Pods are mortal. They are born and when they die, they are not resurrected. A deployment object is how you can give immortality to pods.
Deployments represent a set of multiple, identical Pods and upgrade them in a controlled way, performing a rolling update(update single or a batch of pods, instead of making changes in all the running pods at once).
A deployment runs multiple replicas of your application and automatically replaces any instances that fail or become unresponsive.
Deployment controller provides declarative updates for Pods and it manages pods running on your cluster.
Deployment controller always strives to make the declared desired state the actual state at a controlled rate.
In this way, deployments ensure that one or more instances of your application are available to serve user requests.
A Deployment manifest, like pod manifest needs
- metadata - name, labels, annotations and other information.
- spec - replicas, deployment strategy, pod template, selection and other details.
The Pod Template or
.spec.selector are the only mandatory fields of the
.spec.template has the exact same schema as a pod except it does not have an apiVersion or Kind. Only a
.spec.template.spec.restartPolicy equal to
Always is allowed, which is the default, even if not specified.
spec: template: metadata: name: wordpress-db labels: app: wordpress type: db spec: restartPolicy: Always containers: - name: wordpress-db-container image: mysql:5.7 env: - name: MYSQL_ROOT_PASSWORD value: DEVOPS1
.spec.selector field defines how the Deployment finds which Pods to manage. Basically, the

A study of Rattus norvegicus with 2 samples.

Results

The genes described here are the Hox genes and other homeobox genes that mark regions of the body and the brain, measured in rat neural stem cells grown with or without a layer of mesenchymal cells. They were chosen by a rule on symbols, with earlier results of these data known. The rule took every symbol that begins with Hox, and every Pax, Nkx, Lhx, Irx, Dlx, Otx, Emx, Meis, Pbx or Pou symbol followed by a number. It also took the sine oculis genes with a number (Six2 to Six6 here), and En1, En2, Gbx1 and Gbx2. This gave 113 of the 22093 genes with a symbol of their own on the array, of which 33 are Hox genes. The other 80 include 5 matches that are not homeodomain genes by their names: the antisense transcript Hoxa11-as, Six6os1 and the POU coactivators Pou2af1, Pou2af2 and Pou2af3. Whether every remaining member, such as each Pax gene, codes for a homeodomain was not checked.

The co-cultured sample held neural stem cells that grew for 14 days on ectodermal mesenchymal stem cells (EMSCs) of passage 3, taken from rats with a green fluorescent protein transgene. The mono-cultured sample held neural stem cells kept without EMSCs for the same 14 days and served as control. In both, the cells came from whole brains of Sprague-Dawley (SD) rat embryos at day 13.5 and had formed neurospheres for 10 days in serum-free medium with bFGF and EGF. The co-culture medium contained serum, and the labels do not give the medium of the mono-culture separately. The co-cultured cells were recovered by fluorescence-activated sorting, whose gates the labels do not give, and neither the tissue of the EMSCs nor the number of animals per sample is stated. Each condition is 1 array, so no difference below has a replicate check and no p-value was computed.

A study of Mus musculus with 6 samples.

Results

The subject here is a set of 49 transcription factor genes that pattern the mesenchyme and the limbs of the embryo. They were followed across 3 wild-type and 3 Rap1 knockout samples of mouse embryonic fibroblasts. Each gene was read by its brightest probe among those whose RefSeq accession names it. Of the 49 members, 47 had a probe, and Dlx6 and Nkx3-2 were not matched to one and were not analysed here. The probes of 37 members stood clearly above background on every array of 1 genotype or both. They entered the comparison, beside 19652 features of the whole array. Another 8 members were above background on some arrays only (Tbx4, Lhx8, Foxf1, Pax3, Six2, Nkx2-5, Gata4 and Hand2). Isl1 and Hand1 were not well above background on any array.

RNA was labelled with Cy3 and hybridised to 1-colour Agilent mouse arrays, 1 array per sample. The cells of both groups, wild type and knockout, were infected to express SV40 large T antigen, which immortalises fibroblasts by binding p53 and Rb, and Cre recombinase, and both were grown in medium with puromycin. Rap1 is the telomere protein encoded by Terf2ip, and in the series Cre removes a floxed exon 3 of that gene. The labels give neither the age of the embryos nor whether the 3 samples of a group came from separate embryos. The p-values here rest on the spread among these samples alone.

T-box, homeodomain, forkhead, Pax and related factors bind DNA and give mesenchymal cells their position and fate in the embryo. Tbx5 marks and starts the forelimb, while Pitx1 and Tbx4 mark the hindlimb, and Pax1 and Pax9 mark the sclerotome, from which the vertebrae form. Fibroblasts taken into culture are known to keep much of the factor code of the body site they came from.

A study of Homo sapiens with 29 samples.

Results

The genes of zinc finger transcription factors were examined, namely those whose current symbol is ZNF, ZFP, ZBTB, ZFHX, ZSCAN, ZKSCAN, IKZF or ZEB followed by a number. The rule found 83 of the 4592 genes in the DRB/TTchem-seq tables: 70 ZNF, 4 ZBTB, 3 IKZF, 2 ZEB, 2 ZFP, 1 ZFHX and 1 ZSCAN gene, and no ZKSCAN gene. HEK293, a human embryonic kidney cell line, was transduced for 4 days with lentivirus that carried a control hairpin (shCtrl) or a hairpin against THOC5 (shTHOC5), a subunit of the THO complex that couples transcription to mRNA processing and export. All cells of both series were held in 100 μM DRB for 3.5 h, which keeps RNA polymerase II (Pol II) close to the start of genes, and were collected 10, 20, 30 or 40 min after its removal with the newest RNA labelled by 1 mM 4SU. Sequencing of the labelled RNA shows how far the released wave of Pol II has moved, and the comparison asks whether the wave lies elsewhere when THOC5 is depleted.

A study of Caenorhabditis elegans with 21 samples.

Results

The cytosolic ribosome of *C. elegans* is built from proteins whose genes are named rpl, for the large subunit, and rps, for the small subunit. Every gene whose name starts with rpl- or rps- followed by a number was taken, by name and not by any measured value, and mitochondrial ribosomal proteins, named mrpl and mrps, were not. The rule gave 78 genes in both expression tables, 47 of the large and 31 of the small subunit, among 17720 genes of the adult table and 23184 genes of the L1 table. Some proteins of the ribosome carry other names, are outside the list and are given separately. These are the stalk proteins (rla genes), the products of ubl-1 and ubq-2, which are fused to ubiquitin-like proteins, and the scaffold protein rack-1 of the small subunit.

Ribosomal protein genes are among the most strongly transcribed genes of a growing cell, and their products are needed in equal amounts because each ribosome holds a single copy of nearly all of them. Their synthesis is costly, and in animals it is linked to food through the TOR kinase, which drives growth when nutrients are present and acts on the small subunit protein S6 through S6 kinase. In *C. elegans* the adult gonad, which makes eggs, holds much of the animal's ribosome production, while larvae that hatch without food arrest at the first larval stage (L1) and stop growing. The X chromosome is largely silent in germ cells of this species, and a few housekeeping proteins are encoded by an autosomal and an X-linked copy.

.spec.selector.matchLabels will match with the label of the pod to manage, which in this case is
.selector.template.metadata.labels. If they do not match, it will be rejected by the API.
It specifies the number of desired pods.
spec: replicas: 3 selector: matchLabels: app: wordpress type: db template: metadata: name: wordpress-db labels: app: wordpress type: db spec: restartPolicy: Always containers: - name: wordpress-db-container image: mysql:5.7 env: - name: MYSQL_ROOT_PASSWORD value: DEVOPS1
In the above example, the
.spec.selector.matchLabels matches the
.selector.template.metadata.labels and has a replica of 3 and hence it will always have 3 pods running and if one pod is destroyed, another pod will be created.
It specifies the strategy to replace the old pods by new ones. The possible values are
RollingUpdate - kill batch or single pods and recreate those but not all and
Recreate - all existing Pods are killed before new ones are created
spec: replicas: 3 strategy: type: RollingUpdate
apiVersion: apps/v1 kind: Deployment metadata: name: wordpress.db labels: app: wordpress type: db-deployment spec: replicas: 2 selector: matchLabels: app: wordpress type: db template: metadata: name: wordpress-db labels: app: wordpress type: db spec: containers: - name: wordpress-db-container image: mysql:5.7 env: - name: MYSQL_ROOT_PASSWORD value: DEVOPS1 ports: - containerPort: 3306 name: mysql
Assume that we create another deployment for MySQL with 2 replicas, we have our current setup which we created as below.
We have not actually created the deployment in this post, but we will create a deployment in the forthcoming posts.
These are the basics of deployment which we need to understand to give immortality to the pods (of course pseudo immortality as the entire Kubernetes cluster may go out of commission).